Thursday, January 15, 2009

Watermelon Seeds in Chinatown

As I went to Singapore Chinatown, I had a chance to learn new thing about watermelon seeds. It's not only I went to Chinese Medicine Shop for Bah Kut Teh Ingredients only but I also observed something else.

I was learned that there are two types of watermelon seeds -- one is black (which I am familiar with) and the other one is red !!! It's the first time I have seen the red one ... Both were shown in barrel which were seated on the floor and selling in kilogram ... However, I did not buy it since the shop keeper gave me 1 handful of each ... He explained that the red one is more thicker than the normal black one -- just try then I would like it ...

I have found that since the red is a sign of good luck, threfore, the red watermelon seeds are in demand around the Chinese New Year. (please correct me if I am wrong on this -- it's so difficult to find what's the difference between these two ...)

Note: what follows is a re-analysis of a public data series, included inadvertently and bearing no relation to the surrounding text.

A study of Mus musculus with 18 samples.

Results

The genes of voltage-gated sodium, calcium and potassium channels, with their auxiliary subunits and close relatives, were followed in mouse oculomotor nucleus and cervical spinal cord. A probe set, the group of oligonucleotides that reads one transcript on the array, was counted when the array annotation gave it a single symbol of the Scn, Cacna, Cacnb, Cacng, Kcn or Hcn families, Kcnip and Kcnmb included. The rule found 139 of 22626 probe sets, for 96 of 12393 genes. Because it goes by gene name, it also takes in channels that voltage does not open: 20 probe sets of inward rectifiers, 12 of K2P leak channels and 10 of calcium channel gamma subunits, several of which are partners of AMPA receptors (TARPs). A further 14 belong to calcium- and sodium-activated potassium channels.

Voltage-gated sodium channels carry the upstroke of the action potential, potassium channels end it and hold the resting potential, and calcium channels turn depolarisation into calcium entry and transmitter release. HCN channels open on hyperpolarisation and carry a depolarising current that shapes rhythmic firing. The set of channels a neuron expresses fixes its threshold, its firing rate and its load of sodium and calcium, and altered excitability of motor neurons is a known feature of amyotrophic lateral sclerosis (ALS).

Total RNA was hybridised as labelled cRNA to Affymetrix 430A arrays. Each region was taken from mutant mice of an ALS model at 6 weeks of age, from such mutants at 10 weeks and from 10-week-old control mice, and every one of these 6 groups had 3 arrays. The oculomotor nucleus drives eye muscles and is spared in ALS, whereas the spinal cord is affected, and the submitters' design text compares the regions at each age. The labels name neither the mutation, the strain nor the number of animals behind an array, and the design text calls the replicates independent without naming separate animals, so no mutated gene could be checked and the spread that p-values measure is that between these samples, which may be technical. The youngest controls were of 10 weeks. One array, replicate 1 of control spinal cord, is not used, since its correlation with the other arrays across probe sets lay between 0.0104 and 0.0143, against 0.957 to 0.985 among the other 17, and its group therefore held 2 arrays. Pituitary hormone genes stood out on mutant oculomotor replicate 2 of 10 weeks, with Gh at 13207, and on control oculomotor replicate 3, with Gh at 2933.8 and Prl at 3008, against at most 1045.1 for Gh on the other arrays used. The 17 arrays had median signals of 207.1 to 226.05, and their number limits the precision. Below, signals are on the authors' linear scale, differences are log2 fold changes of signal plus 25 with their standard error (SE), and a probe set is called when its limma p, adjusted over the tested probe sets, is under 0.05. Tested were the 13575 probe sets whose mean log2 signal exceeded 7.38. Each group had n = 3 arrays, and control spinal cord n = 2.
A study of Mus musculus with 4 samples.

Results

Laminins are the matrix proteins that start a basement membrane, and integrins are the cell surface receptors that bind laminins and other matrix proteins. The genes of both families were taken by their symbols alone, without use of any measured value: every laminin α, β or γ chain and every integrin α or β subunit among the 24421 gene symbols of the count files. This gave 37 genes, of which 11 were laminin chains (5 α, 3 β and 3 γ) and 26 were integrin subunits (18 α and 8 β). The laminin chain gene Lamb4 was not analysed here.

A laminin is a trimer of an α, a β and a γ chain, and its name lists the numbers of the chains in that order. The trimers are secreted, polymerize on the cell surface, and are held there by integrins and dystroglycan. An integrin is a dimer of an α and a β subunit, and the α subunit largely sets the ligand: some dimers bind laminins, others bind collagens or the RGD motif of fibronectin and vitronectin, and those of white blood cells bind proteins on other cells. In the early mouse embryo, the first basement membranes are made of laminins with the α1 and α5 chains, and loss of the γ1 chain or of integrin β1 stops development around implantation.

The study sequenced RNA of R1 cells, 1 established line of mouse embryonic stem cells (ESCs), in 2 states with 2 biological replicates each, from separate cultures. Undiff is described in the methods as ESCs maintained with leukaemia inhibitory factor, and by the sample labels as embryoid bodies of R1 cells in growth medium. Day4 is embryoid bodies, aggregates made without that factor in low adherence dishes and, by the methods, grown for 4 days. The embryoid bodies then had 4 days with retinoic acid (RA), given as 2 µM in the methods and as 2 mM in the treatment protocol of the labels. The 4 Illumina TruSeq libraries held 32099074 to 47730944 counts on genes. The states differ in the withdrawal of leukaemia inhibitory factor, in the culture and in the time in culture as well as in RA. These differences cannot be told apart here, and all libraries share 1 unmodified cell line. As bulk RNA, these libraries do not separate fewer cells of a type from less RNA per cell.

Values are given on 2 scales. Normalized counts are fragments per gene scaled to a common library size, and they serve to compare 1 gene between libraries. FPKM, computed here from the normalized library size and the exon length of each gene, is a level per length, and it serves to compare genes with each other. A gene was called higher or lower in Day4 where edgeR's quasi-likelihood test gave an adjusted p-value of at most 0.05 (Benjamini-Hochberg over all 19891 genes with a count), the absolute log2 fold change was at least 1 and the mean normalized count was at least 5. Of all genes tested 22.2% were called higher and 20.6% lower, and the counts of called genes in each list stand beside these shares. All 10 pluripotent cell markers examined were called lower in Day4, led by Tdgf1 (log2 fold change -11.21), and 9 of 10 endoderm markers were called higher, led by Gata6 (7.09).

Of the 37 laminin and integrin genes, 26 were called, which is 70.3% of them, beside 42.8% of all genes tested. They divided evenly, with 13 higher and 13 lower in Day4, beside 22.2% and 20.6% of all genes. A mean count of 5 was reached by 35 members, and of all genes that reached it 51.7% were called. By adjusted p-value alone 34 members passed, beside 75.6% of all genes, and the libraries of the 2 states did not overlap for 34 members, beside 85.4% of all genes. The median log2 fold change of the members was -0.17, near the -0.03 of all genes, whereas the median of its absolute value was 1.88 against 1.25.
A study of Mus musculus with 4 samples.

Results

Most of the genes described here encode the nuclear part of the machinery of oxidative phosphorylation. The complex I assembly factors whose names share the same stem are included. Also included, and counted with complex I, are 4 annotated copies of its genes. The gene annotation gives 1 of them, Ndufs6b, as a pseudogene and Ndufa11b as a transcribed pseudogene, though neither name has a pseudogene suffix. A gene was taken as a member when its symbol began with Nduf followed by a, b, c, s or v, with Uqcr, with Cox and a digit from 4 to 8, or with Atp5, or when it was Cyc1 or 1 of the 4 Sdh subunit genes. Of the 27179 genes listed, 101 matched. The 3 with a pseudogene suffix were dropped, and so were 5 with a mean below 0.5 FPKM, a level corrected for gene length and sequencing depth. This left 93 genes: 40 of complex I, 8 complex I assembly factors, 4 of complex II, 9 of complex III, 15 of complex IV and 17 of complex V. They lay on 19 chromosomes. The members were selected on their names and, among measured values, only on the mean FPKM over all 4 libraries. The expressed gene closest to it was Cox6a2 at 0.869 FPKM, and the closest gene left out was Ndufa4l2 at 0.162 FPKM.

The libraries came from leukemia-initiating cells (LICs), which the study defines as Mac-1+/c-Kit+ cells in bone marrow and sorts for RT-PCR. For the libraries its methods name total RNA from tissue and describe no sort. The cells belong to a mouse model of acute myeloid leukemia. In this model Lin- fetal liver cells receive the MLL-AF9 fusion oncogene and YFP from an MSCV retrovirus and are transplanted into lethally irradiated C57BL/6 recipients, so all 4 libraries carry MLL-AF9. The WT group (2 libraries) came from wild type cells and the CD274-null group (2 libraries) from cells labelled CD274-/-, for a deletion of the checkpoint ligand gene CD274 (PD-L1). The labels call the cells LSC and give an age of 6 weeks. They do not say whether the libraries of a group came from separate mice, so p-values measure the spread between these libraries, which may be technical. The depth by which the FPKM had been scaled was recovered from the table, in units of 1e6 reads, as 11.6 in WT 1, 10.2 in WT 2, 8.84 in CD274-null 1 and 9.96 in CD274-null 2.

Watermelon seeds are excellent source of protein (both essential and non-essential amino acid) and oil. Watermelon seeds contains 35% protein, 50% oil, and 5% dietary fiber as key nutrition. It's also rich in micro & macro nutrients such as magnesium, calcium, potassium, iron, phosphorous, and zinc.

Here is a little information about watermelon seeds which I was found from 'The Chinese Habit of Eating Melon seeds by A.H. Crook' ...

There are two specimens of watermelon seeds -- The White Seeds which are slightly roasted and perhaps a little salted before they are sold (somewhat softer than the red seeds) and The Red Seeds which are also roasted and come from the north of the Kwangrung Province .

The opening of watermelon seeds especially the red one requires almost a special education to do it gracefully -- stripping of the hard shell to obtain the tiny kernel and then to be appreciated. Watermelon seeds is very important in China on account of its seeds -- a perfect passion, a trasure of cheap amusement, a daily consumption, and assemble with a drink tof ea or rice-wine ... Actually, the analysis thinking that since Chinese took no butter, the requirement of an oily substitue made them turn to the watermelon seeds - same as Russians take sunflower seeds.